Wednesday, January 25, 2012

Year One Of The Egyptian Revolution

There will be gobs and gobs of text filling the pages, websites and on air coverage today about the 1 year anniversary of the start of the Egyptian revolution. A lot of it, particularly in North America, will be stupid, low level stuff - fears of the Islamists taking power, etc etc. Very little of it will have a deeper sense of the continuing dynamic heart of the revolutionary process that is unfolding in Egypt and which will likely continue to unfold over the next several years. I'd hate to be one to join in the stupidity and there is also lots and lots of excellent coverage out there, including eyewitness coverage on the ground in Tahrir. So, I will just summarize what I think are the three or four main points that are most important and often forgotten or avoided.

1) The Egyptian revolution is the most important political event since the fall of the former USSR. Because Egypt is an ally, in particular its military leadership who receive $1.3 billion, there is considerably less enthusiasm for bigging up the Egyptian revolution than there was the collapse of the rival Soviet empire in 89-91. But let there be no mistake, the revolution in Egypt - and throughout the region, lest we forget that there are active revolutionary processes still taking place in Syria, Yemen, Tunisia, etc - will profoundly reshape the world and the political alignments in a way no less profound than 1989. If it reaches its full potential - hell, if it reaches half its potential - this will be the biggest blow to US imperialism since Vietnam (in a different way of course) and perhaps larger since the Middle East is much more strategic to US interests.

2) This ain't over by a long shot. The fall of Mubarak was really just a beginning. It reconfigured the balance of class and political forces inside of Egypt in a profound way but the old regime is still in control. And the revolution, though it ebbs and flows, is nowhere near to exhausting itself. There are challenges for sure - for both sides - but there will be an extended period of jockeying and realignment that takes place over the next few years. Watch, in this next phase, for the Muslim Brotherhood, now in control of Parliament to face increasing challenges as their very moderate leadership fail to deliver on the aspirations unleashed by the revolution and they increasingly try to put an end to the revolutionary process. If the left is smart and works with the most militant and active sections of the Brotherhood, particularly the youth, I expect to see some splits (rather than just individuals as has been the case up to now, even if there have been large numbers of individuals) of significant size that move towards a position that Egypt needs a second revolution.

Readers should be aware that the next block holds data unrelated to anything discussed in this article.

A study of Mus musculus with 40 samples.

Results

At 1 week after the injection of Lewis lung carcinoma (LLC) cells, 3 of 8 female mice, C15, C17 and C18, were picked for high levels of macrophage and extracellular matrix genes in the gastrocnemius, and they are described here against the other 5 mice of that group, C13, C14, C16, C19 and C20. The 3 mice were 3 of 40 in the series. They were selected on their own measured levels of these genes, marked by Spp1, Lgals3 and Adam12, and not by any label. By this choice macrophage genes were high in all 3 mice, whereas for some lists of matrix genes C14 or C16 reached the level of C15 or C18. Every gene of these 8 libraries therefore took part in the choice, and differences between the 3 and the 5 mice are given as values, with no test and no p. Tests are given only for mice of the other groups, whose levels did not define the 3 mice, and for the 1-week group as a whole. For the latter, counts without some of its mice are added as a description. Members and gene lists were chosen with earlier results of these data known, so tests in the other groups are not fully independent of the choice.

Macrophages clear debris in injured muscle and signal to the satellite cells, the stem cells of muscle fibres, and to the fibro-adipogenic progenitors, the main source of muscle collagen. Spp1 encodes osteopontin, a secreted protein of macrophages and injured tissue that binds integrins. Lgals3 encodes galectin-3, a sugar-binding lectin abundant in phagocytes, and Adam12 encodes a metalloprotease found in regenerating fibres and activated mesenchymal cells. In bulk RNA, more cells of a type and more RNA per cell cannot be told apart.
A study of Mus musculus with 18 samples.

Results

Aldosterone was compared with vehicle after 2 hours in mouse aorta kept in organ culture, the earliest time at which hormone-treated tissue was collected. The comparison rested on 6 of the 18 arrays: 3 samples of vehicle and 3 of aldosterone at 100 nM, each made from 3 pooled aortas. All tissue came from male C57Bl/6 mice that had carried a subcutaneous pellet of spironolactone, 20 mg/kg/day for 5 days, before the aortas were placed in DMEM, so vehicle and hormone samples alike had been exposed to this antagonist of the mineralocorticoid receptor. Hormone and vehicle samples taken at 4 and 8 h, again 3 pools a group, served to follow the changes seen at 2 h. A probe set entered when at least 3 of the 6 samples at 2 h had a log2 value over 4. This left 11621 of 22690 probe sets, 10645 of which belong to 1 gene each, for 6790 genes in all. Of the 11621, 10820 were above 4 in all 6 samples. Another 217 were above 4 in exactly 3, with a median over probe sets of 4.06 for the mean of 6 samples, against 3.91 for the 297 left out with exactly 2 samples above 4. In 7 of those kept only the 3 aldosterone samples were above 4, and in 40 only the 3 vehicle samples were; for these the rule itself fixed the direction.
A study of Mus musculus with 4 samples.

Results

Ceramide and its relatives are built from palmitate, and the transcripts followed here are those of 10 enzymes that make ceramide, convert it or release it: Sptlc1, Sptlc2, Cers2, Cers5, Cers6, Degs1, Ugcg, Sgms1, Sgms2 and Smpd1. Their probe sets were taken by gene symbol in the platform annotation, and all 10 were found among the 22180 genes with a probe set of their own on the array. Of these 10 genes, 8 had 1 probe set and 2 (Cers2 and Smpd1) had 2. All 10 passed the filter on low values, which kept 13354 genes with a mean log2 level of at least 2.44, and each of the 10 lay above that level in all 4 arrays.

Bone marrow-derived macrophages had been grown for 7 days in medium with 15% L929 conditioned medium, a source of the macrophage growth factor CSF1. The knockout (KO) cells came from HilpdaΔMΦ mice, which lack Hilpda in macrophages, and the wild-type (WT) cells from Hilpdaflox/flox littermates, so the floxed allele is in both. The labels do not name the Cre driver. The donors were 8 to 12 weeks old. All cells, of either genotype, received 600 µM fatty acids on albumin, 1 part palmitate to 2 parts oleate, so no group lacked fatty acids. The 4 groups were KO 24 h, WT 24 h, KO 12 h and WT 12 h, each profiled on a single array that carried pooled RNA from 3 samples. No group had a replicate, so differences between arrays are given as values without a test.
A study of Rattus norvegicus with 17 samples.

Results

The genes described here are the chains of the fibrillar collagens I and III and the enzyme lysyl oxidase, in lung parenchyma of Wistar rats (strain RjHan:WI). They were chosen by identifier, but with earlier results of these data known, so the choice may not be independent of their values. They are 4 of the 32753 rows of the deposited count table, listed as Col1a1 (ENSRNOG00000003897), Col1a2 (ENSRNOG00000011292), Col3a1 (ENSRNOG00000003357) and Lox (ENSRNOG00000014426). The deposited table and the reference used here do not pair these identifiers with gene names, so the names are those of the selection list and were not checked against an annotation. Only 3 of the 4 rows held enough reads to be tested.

3) The class struggle is key. All eyes are on Tahrir, which has incredible symbolic power in the revolution. That is why the generals have tried to so hard to discredit the Tahrir sit-ins. But Tahrir is just the symbol. The real power of the revolution has always been with the very large working class in Egypt. It was when the working class moved into open struggle with an explosive strike wave that the generals gave Mubarak the shove. And it has been the ebbing and flowing of the strike waves over the past year that have won de facto trade union rights, built an independent union movement of hundreds of thousands practically overnight (no small thing - it makes them the first and largest mass democratic organizations in the country) and forced issues onto the agenda like a maximum and minimum wage, the right to strike and protest, etc. As the revolutionary process continues and matures, watch for the growing importance of the labour movement in Egypt and its spokespeople to become the high profile leaders of the revolution.

4) What happens in Egypt will determine the fate of the struggle elsewhere. We know that the revolution that began in Tunisia lit a fuse that spread to Egypt and then throughout the region. In Yemen there are now strikes in the military against the defense minister, a relative of the recently resigned president. In Syria all signs indicate that the state is beginning to disintegrate with shelling of rebel neighbourhoods in the capital city of Damascus taking place, as well as strikes and sit-ins around the country. But Greece is right next door to all this. And Italy and Spain are right across the water. If the revolution deepens and becomes clearly a class revolution against austerity and neoliberalism that starts to win important and visible victories this can't but inspire a spread of enthusiasm and tactics to Europe. Already, the Occupy movement and the indignados movement in Spain have to be seen as directly inspired by Egypt's Tahrir movement. If the working class takes centre stage in Egypt multiply the Tahrir effect by ten.

With all that in mind, I think it's an understatement to say that we live in exciting times. Happy Egyptian Revolution Day!